With a congested schedule and the French league enduring financial difficulties, Marseille president Jacques-Henri Eyraud believes it is time to downsize the competition.
“I do think playing in a 20-club league is no longer sustainable,” Eyraud said Wednesday. “A lot of reforms need to be talked about.”
Eyraud is at the heart of those talks as one of the French league’s board of directors and a member of UEFA’s club competitions committee. UEFA is in the process of an overhaul of the Champions League that would add 100 more matches each season and potentially provide a fourth spot for French clubs.
The pandemic has already meant squeezing more games into a shorter period this season and the burden on teams would grow further with an expanded Champions League.
“For Olympique Marseille, we have been playing a game every three days for four months and it will continue to be the case in February and March,” Eyraud told the FT Business of Football Summit. “I think it is harmful for the players, it’s not good for the organization, I don’t think it’s good for the fans and I think it’s something we should be thinking about very seriously.”
While France, along with England, Spain and Italy, has 20 teams in its top division, Germany has 18. France has already cut its third competition — the League Cup — to ease the workload on players.
But additional European revenue could be vital for clubs like Marseille who have been hit by the coronavirus pandemic that has shut out fans, and the collapse — after only four months — of a domestic television deal that should have been worth more than 4 billion euros ($5 billion) over four years.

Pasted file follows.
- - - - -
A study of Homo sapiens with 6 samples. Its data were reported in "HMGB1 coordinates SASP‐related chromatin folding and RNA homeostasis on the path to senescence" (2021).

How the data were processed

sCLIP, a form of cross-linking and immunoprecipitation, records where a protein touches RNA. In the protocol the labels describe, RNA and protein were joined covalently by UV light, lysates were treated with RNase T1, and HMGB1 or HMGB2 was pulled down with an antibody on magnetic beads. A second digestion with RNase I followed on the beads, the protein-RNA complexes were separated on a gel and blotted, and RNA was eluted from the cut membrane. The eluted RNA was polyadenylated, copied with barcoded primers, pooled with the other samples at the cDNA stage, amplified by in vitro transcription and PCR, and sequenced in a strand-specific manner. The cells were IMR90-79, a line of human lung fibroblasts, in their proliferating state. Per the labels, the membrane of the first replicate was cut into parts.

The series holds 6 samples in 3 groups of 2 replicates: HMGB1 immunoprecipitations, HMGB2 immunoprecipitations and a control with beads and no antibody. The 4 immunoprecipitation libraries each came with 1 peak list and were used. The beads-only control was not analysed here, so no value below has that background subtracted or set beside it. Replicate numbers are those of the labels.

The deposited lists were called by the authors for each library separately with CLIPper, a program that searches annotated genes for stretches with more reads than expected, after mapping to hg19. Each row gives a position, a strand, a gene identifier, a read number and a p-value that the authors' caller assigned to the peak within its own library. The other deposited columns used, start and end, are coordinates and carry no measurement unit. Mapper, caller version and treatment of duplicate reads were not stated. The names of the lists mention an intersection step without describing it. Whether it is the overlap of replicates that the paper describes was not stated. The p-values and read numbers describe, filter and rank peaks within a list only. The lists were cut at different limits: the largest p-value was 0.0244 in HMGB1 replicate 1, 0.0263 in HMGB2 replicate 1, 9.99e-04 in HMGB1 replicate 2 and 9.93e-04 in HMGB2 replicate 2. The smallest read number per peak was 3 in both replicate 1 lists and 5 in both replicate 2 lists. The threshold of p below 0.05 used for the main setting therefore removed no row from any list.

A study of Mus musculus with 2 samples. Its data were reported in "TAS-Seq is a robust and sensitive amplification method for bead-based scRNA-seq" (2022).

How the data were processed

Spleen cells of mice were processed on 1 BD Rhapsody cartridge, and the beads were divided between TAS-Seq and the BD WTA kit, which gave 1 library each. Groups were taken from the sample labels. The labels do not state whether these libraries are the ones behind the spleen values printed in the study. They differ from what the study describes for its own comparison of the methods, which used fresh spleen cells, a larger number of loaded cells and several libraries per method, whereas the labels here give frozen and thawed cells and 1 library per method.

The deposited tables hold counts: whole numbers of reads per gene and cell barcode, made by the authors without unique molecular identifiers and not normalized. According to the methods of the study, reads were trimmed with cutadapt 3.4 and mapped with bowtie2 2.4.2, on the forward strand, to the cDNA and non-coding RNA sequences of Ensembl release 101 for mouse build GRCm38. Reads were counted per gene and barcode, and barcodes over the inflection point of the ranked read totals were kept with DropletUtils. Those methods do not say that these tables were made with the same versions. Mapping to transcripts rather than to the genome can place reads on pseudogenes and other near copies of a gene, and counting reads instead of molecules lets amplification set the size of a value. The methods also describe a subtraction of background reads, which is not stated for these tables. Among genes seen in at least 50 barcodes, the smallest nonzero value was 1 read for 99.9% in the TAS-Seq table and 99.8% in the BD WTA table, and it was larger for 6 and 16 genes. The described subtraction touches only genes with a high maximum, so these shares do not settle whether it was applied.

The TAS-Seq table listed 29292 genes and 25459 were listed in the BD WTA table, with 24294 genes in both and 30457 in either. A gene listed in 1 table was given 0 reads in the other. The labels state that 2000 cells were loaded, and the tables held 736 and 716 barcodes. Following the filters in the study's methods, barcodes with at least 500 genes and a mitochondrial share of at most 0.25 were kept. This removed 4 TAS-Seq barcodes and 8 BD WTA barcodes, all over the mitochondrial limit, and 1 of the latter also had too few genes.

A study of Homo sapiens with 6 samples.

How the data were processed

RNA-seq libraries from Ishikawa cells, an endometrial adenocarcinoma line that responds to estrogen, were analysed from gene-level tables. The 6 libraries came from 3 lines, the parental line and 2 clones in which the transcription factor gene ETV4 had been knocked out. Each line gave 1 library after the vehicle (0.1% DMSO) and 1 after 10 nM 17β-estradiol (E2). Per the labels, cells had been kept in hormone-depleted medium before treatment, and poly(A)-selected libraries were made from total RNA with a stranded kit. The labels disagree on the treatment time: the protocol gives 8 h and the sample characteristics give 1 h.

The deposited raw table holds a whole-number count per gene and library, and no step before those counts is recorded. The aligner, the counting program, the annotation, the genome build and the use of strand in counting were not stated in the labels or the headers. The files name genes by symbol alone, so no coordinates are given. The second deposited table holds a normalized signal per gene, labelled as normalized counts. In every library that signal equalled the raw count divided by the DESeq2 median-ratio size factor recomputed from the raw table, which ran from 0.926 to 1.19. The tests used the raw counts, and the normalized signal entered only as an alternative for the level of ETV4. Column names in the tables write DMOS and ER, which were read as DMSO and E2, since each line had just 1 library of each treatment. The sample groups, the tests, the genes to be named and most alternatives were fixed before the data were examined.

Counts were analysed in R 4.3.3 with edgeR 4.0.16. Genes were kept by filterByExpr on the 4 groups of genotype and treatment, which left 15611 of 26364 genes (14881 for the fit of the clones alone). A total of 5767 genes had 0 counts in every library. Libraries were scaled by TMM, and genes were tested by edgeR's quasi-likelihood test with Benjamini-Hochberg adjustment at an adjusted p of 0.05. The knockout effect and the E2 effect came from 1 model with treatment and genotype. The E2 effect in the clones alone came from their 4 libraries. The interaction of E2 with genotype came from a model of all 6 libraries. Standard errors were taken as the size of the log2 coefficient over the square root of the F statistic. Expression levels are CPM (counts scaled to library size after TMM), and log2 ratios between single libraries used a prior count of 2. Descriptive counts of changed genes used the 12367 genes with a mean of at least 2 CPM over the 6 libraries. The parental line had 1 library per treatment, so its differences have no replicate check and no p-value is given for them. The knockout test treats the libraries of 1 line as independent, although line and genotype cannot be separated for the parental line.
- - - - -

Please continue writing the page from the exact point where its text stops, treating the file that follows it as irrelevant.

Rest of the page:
Rather than the windfall from Spanish-based broadcaster Mediapro, Canal Plus is paying only 200 million euros to broadcast games for most of the second half of the season. Eyraud sees the financial turmoil as a “unique opportunity” to assess changes in French football.
“We run on a business model that is widely dependent on transfers and player trading,” Eyraud said. “Around 17 out of 20 clubs in Ligue 1 do turn a loss and a pretty significant one prior to generating income from transfers.
“So we have been relying on this over and over again. This is not the ideal model. When the crisis hits it is certainly a sign of weakness.”
The French league (LFP) is securing a financial rescue plan from the government after estimating clubs’ losses already amount to more than 1 billion euros.
“We have strength — our academies are efficient turning young players into stars,” Eyraud said. “But that is not enough. We need to be much more balanced in terms of sources of revenue. That is what this crisis will trigger.”
Marseille, which was bought in 2016 by former Los Angeles Dodgers owner Frank McCourt, has additional turmoil with Andre Villas-Boas suspended after the coach offered to resign because of a conflict with the club’s board over transfer decisions.
Marseille was eliminated from European competitions after finishing last in its Champions League group in December. The team is struggling to qualify for next season as it sits sixth in the standings after beating Nice 3-2 at home on Wednesday night.
Although Marseille has a game in hand on third-place Lyon, it remains a massive 15 points behind last season’s Champions League semifinalist.